Alan Ryan

July 7, 2006

On Thomas Jefferson's gravestone, just three of his achievements are mentioned: that he was the author of the Declaration of Independence and of the Virginia Statute for Religious Freedom , and that he was "father of the University of Virginia". That he was also the third president of the US is not mentioned; that he undertook the Lousiana Purchase, which created most of the Midwest - more than a fifth of the area of the present-day US - is also ignored.

To be fair, it is true that the epitaph also ignores James Madison's role in getting Jefferson's longed-for statute on religious freedom on the books. But it is an epitaph, not a short history of the early American republic, and Jefferson wrote it to remind spectators what he thought his life had been about.

It is a good moment to celebrate all three achievements: the 230th birthday of the declaration, the 220th of the Virginia statute and the 178th of the University of Virginia - whose first buildings were designed by Jefferson, who was by then in his seventies. They are achievements that hang together in ways that are easily overlooked if we think July 4 is only an excuse for fireworks, barbecues and beer, that universities are justified entirely in economic terms and that religion is a matter of blind belief rather than rational inquiry. Whether Jefferson was right to believe that they can always hang together is another matter; I'm sure he was, but it is a minority view.

The University of Virginia is still a pretty astonishing achievement - setting aside the continued surprise of Jefferson's original buildings and their lawns and gardens. It was a state university at a time when what eventually became the Ivy League were small, private colleges, firmly in the grip of one or another Protestant establishment. It was always meant to close the gap between the practical and the purely academic, Jefferson's genius not being of the sort to confine itself to one or other side of that line. And it still does. Year after year it comes second only to Berkeley among American public universities in the US News and World Report 's ranking.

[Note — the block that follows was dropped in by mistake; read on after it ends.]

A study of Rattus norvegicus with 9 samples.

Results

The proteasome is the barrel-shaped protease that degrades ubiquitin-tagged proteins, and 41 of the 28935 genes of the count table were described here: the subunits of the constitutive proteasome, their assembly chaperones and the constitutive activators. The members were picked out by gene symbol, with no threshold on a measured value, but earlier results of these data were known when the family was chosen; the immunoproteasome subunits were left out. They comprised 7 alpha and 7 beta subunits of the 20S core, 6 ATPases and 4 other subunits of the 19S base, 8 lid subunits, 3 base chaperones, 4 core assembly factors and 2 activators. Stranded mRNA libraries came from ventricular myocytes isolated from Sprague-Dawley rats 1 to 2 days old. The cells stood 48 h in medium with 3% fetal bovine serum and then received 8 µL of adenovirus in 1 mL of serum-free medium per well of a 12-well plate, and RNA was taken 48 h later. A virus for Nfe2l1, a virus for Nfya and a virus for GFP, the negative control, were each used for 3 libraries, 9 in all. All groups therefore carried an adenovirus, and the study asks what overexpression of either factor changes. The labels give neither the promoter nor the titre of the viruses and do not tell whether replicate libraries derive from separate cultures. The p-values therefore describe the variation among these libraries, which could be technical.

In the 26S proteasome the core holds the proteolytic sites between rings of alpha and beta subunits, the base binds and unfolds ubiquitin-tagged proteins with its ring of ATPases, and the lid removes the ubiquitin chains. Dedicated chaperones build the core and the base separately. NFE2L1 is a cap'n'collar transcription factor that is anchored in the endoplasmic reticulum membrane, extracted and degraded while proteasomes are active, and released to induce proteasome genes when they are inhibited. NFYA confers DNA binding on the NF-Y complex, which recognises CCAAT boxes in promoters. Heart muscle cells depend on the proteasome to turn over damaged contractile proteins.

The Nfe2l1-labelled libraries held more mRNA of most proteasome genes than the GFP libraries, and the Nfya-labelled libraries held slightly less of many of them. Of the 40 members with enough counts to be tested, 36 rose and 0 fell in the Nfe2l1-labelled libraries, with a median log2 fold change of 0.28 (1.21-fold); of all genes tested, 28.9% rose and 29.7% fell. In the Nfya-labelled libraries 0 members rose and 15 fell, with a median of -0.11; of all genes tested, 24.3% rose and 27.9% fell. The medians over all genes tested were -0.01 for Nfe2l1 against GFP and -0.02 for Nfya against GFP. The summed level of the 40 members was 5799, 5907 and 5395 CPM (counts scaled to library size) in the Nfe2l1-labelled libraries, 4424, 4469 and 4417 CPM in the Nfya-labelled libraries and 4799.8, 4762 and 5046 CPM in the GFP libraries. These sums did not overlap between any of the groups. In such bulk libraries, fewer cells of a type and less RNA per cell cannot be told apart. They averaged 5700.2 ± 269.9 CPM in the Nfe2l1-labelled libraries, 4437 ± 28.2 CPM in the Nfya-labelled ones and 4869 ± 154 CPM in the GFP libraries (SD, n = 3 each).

Contrary to the usual British view that US universities thrive only because they have colossal endowments, Virginia's is only some $3.5 billion (£1.9 billion). That is a substantial amount, but smaller than that of Oxford University, which is about £2.2 billion for the colleges and another £600 million for the university. Virginia doesn't charge the earth for an undergraduate education either; tuition fees are about $7,500 - unless you come from out of state, in which case they are $25,000.

You see the difference between a so-called public Ivy and the Ivy League when you dig deeper. Virginia's student-to-faculty ratio is about 15:1, Princeton University's is only 7:1. And even $25,000 tuition fees for out-of-state students are still $6,500 a year less than those at an Ivy League institution.

Things are rather different in the various professional schools, of course. Virginia's law, business and medical schools charge the same eye-watering fees that their British counterparts charge overseas students and pay faculty much the same salaries the Ivy League professional schools pay theirs - the price of being a top ten school is high. But then, your alumni stand to make a lot more money than your faculty and will donate generously to the school in due course.

What Jefferson would have made of all that it is fruitless to ask. But what he was after is still an ideal worth pursuing. It is not just the Declaration of Independence 's great assertion that we all have the inalienable rights to life, liberty and the pursuit of happiness that we do well to remember. It is the faith in argument, in the pursuit of inquiry wherever it might lead and in the possibility of a community being united by discussion rather than dangerously divided.

The Statute for Religious Freedom begins even more memorably than the declaration: "Whereas Almighty God hath created the mind free; all attempts to influence it by temporal punishments or burthens, or by civil incapacitations, tend only to beget habits of hypocrisy and meanness, and are a departure from the plan of the Holy author of our religion, who being Lord both of body and mind, yet chose not to propagate it by coercions on either." It carries on in the same vein. And having admitted that no sovereign body can bind its successors irrevocably, it ends by bidding those successors to remember that whatever restrictions they may want to impose, freedom of the mind is one of the rights of nature.

Whether any of this will change Richard Dawkins's mind about religion, or David Cameron's or John Reid's about human rights, is another matter entirely. But the colonists' cause must have looked pretty hopeless in July 1776, too.

Alan Ryan is warden of New College, Oxford.